Debatindlæg i samarbejde med erhvervs- og vækstminister Troels Lund Poulsen bragt på Huffington Post den 23. september 2016.

Publiceret 23. september 2016

Denmark and the United States are close partners within both politics and trade. The United States is the world’s largest economy and a growing market for Danish companies.

The United States and Denmark continue to strengthen our economic ties and in 2015 exports from Denmark to the United States totalled 14.7 billion USD. The U.S. market is Denmark’s most important export market outside the EU.

It is therefore our great pleasure to accompany Their Royal Highnesses the Crown Prince Couple of Denmark on this important visit to the United States. This time, the Crown Prince Couple will be leading a sizeable business delegation of 60 Danish companies from sectors such as sustainability, healthcare, agriculture & food and the maritime industry.

Denmark has already established itself as a significant partner within these sectors. We may be a small country – just about the size of the state of Maryland. But our economy and our businesses are highly focused on markets abroad – not least in the US.  And Danish companies have established more than 650 companies and offices here, adding more than 60,000 jobs to the American economy.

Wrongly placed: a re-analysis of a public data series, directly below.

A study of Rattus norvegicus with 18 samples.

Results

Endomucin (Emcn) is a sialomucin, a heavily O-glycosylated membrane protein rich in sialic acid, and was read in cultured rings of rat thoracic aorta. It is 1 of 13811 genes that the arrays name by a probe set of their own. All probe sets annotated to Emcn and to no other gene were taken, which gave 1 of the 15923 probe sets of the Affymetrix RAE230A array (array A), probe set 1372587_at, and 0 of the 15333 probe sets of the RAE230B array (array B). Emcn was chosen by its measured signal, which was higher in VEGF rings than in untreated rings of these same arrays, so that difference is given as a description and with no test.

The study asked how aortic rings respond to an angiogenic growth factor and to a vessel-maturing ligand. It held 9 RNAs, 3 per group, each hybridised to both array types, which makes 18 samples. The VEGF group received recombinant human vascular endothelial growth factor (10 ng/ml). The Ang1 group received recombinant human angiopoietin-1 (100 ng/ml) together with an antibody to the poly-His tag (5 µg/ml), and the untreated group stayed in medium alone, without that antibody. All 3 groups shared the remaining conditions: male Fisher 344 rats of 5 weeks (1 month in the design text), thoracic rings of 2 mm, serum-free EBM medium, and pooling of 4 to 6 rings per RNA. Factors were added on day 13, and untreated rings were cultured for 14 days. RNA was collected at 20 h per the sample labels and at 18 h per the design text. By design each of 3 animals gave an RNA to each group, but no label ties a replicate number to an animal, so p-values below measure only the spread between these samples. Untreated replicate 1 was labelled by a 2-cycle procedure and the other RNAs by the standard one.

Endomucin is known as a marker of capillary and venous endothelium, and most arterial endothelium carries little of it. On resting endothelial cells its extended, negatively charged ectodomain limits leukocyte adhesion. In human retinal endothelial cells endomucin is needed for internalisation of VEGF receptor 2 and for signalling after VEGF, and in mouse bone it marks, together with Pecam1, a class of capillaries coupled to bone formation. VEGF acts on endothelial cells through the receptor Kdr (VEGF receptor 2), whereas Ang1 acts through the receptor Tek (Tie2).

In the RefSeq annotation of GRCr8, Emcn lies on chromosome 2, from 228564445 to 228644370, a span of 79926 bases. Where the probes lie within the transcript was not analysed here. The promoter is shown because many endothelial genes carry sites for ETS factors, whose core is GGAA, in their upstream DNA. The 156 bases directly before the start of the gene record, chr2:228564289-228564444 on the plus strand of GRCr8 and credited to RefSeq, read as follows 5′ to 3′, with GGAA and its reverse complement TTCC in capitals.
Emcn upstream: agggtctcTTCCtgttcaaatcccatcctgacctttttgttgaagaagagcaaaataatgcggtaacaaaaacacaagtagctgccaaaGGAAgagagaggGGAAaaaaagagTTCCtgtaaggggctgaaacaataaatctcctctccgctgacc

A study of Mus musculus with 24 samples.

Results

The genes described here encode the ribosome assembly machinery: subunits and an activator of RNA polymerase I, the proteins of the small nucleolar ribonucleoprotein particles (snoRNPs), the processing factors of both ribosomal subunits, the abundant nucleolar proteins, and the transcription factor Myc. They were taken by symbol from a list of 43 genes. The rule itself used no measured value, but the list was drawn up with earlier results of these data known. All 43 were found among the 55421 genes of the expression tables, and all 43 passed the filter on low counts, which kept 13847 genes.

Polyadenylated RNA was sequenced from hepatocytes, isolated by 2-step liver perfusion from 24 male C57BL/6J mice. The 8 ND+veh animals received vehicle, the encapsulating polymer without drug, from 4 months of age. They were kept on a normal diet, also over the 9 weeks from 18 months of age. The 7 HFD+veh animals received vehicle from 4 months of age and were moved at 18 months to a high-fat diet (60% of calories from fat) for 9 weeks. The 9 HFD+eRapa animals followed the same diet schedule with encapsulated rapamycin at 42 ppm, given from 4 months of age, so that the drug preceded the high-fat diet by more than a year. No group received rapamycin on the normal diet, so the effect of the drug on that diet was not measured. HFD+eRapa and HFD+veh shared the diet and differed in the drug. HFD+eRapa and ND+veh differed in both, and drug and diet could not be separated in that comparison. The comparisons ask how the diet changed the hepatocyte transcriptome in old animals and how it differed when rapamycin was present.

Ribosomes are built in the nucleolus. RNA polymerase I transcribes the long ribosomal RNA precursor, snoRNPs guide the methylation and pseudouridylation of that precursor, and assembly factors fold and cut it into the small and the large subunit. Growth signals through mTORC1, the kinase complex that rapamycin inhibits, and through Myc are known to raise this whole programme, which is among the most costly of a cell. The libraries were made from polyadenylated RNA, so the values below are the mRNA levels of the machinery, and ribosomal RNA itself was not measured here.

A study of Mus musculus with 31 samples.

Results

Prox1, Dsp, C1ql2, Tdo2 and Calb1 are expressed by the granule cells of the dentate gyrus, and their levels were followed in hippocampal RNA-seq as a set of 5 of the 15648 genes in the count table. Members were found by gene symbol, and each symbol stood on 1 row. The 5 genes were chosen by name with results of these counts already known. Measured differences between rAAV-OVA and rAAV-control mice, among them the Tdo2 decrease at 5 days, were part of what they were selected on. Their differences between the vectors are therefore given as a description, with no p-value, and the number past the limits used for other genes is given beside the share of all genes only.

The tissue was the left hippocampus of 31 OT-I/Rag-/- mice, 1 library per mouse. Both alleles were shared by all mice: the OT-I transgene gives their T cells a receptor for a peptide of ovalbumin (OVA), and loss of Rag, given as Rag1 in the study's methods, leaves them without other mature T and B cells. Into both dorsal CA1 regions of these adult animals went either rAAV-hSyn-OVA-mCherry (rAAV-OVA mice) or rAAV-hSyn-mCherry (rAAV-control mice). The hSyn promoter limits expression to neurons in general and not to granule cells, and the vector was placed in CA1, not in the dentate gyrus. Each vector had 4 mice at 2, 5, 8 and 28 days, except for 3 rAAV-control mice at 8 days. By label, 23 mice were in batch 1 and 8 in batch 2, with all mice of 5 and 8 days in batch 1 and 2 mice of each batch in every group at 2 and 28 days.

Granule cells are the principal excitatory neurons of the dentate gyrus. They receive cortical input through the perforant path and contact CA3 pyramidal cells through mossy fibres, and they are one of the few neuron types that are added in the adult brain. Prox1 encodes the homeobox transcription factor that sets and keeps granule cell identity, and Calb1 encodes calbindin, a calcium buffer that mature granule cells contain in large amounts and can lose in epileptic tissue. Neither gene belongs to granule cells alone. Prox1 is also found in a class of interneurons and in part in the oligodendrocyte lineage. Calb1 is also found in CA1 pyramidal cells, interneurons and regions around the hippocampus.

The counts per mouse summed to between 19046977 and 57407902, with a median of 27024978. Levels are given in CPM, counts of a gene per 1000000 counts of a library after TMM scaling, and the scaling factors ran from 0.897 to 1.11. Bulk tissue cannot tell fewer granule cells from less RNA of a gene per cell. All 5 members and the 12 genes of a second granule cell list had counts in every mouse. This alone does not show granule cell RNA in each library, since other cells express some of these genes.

But we are not just here in the U.S. to reaffirm existing ties. We also want to cultivate them so they can grow even stronger, and we see a strong potential for increased cooperation.

Denmark and the US agree on many things – first and foremost we are both dedicated to the values of free trade, with as few limitations and bureaucratic impediments as possible.

The Danish government see a TTIP agreement as a central tool to strengthen economic growth and to develop further our already long-term and close trading relations with the United States. Therefore, we must continue to promote positive public opinion about TTIP – especially when it comes to the many difficult issues related to agriculture and food.

However, it is important that the final agreement delivers substantial economic benefits and is ambitious in areas such as regulatory cooperation, public procurement, and sustainable development. So we cannot give up – even though negotiations are hard and the political environment is complex.  We need to stay focused on our common goal: Free trade across the Atlantic to the benefit of both our countries.

A strengthened partnership between the United States and Denmark in these strategically important fields will benefit both countries in terms of economic growth, job creation and in- and outgoing investments.

The strong trade and business relations between the United States and Denmark have generated positive results on both sides of the Atlantic. Ranked first in six of the 10 annual editions of Forbes’ “Best Countries for Business”, Denmark is known for a high level of freedom, and a transparent and efficient regulatory climate. This favorable business environment has attracted many American companies to Denmark and with the visit this week we seek to expand this partnership even further.